Wednesday, February 3, 2016

Keep it plomb — Stairmaking IV

Zombie fighter and french carpenter François sent me some pictures of a french stair making book and it hit me really hard. Lots of the thinking I poorly managed to make when doing my humble curve where explained beautifully in a few simple drawings.

So I thought I share them with you in case you want to start building stairs.

You want some tricks no? What about the way to properly cut the wreath

Exactly, put some legs to the thing and impose the final slope on it right from the beginning. You need a rather large bandsaw though.

And now the one I simply loved. Check that figure 1 down here:

While I wa doing my curve  I realised that one of the main features of the rail was that all the inner surfaces (the part that faces your side when you go up the stairs) are plomb. May sound very trivial, but when you have a turning and twisting piece of wood knowing your plomb and your level are priceless. So I went with my line and checked that things were plumb and used a lot of spokeshaves to keep that thing plomb. All this with the handrail already in place, which was extremely inefficient.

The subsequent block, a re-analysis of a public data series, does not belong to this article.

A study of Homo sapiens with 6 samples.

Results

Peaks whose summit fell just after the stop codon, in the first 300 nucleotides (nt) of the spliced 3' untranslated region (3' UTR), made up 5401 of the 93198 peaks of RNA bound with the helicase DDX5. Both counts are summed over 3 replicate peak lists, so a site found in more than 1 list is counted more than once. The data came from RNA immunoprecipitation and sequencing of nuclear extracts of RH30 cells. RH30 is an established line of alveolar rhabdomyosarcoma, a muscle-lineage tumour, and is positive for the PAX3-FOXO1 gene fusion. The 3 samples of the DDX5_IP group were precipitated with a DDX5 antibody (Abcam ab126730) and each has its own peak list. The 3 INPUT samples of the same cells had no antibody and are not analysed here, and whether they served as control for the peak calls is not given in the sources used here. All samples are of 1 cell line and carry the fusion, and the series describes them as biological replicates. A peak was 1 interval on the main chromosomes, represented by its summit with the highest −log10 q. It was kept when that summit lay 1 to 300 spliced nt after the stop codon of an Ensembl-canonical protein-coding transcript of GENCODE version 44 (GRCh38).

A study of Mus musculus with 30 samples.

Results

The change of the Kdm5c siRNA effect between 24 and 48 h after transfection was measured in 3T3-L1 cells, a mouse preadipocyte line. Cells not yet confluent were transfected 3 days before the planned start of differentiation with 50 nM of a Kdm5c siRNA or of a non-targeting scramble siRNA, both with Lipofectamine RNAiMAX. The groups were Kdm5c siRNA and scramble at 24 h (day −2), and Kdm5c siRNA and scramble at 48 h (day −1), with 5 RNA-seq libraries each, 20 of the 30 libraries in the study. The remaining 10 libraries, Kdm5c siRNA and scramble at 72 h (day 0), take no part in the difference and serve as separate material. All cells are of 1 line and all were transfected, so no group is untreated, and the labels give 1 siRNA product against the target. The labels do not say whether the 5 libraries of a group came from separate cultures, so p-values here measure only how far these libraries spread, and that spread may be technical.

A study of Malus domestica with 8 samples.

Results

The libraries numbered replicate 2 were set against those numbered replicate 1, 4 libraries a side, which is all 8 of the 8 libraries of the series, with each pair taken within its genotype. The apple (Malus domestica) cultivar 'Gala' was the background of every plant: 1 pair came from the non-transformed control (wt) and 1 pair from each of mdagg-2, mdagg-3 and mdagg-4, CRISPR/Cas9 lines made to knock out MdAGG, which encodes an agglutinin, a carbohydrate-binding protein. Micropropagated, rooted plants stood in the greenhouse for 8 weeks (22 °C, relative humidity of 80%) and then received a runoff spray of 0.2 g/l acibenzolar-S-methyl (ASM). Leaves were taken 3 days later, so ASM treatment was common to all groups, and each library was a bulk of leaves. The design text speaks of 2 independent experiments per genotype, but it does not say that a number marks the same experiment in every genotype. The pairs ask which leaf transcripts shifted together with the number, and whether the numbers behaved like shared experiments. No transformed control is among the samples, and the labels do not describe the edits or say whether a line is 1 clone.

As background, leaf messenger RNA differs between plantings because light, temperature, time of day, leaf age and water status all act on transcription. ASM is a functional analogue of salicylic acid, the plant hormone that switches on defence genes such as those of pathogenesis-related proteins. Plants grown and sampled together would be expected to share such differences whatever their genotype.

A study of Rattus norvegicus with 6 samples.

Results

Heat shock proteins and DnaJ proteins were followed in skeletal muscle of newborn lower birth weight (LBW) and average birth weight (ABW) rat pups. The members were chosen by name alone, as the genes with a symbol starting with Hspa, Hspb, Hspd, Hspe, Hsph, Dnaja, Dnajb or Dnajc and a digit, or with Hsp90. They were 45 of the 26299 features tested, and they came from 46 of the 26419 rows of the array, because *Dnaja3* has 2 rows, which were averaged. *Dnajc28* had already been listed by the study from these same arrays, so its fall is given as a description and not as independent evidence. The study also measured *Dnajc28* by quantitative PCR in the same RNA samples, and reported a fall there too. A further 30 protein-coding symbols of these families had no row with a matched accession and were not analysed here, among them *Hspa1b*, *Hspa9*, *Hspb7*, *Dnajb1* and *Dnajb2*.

Another thing I realised was that the curvature of the turn was constant so a plane especially made for that would be nice.

Anyway, the simple jig to check for level and curvature of Fig. 1 is one of those things that you can only value when you did something without them. Which tells me that I need to make more stairs because the other drawings don't speak me so well.

I leave you with the rest of the pictures, and wait for more.